BERKELEY (CBS SF) — Berkeley city councilmembers voted on Wednesday to cut the police budget next fiscal year by $9.2 million, about 12 percent, though the money saved will help backfill the city’s deficit rather than support changes as some residents had hoped.
Councilmember Rashi Kesarwani said in a tweet that the police department “absorbed similar cuts to other departments” to close a $39 mill budget deficit. “Now the work starts to reevaluate the role of police in mental health/social services and traffic enforcement.”
Mayor Jesse Arreguin said Wednesday afternoon that the Berkeley Police Department may be completely transformed in the future with officers responding only to serious and violent offenses.
“Do we need so many police officers?” Arreguin said.
In the fiscal year 2020 budget, which was adopted last year, 35.9 percent of the general fund was dedicated to the Police Department. The police department’s share of the fiscal 2021 budget following Wednesday’s cut is 31.5, according to a city report.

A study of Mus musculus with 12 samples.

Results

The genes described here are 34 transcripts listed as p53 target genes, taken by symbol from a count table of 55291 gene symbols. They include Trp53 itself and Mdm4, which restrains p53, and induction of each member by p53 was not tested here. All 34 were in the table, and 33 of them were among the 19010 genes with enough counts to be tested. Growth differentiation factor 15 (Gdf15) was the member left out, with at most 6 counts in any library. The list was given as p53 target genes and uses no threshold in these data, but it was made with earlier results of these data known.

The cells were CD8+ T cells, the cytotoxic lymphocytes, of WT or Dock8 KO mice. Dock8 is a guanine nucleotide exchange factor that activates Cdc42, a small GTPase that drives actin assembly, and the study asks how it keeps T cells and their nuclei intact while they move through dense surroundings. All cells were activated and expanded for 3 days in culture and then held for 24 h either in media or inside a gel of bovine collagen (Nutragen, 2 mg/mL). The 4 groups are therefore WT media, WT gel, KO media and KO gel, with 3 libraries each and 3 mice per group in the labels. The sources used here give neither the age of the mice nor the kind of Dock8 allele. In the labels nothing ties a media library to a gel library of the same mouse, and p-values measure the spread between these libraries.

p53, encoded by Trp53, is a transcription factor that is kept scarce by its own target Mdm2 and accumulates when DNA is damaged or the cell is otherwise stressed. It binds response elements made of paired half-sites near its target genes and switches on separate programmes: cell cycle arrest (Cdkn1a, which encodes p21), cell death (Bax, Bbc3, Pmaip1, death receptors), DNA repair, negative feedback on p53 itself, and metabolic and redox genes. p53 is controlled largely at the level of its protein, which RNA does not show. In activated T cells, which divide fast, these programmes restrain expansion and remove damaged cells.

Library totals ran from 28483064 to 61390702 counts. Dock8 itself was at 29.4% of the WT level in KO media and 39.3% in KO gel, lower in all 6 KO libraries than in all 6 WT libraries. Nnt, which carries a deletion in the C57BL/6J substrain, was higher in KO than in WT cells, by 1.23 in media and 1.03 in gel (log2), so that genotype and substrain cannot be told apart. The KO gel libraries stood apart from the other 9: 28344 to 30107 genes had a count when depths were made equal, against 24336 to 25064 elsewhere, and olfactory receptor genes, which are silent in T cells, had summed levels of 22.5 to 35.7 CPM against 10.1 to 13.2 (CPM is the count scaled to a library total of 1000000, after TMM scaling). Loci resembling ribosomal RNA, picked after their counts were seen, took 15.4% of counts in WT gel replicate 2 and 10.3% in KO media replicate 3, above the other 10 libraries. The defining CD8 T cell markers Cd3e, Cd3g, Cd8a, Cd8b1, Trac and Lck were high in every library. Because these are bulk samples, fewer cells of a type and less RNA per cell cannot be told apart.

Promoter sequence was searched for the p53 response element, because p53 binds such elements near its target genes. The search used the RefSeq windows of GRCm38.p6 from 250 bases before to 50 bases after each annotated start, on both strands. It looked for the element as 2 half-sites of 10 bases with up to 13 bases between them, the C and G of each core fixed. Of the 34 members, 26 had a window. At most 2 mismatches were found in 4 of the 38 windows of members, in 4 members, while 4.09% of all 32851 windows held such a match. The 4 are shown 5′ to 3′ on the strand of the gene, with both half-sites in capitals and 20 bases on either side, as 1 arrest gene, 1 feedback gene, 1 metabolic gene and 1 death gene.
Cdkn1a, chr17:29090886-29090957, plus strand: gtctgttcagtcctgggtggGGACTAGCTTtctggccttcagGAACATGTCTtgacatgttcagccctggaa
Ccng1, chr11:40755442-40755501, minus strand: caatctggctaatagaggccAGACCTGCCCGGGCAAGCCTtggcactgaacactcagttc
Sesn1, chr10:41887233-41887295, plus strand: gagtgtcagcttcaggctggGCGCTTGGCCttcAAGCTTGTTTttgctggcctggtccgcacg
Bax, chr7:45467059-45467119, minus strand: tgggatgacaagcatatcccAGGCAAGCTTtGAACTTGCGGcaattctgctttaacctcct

Arreguin said the focus of future police reforms will be on Black and Brown communities. A disproportionate number of Black and Brown people are stopped by Berkeley police, Arreguin said.
He also said parking and traffic enforcement may be moved out of the Police Department’s purview and into a new department, with an emphasis on racial justice.
“It will make people feel safer,” he said.
On July 14, the council will consider creating a Department of Transportation responsible for parking and traffic enforcement.
Unlike communities where police officers are primarily responsible for mental health crises, Berkeley has a mental health response team. But Arreguin said it needs to be expanded significantly.
He said Berkeley may partner with a nonprofit to expand that team.
Police Chief Andrew Greenwood was not available Wednesday to comment on the cuts to the police budget.
In a letter to the community four days after George Floyd’s death, Greenwood said, “Seeing far-away officers’ actions (and inaction) undermine our department’s collective efforts to build and maintain community trust
here in Berkeley, is ‘extremely’ frustrating for all of us here at BPD.”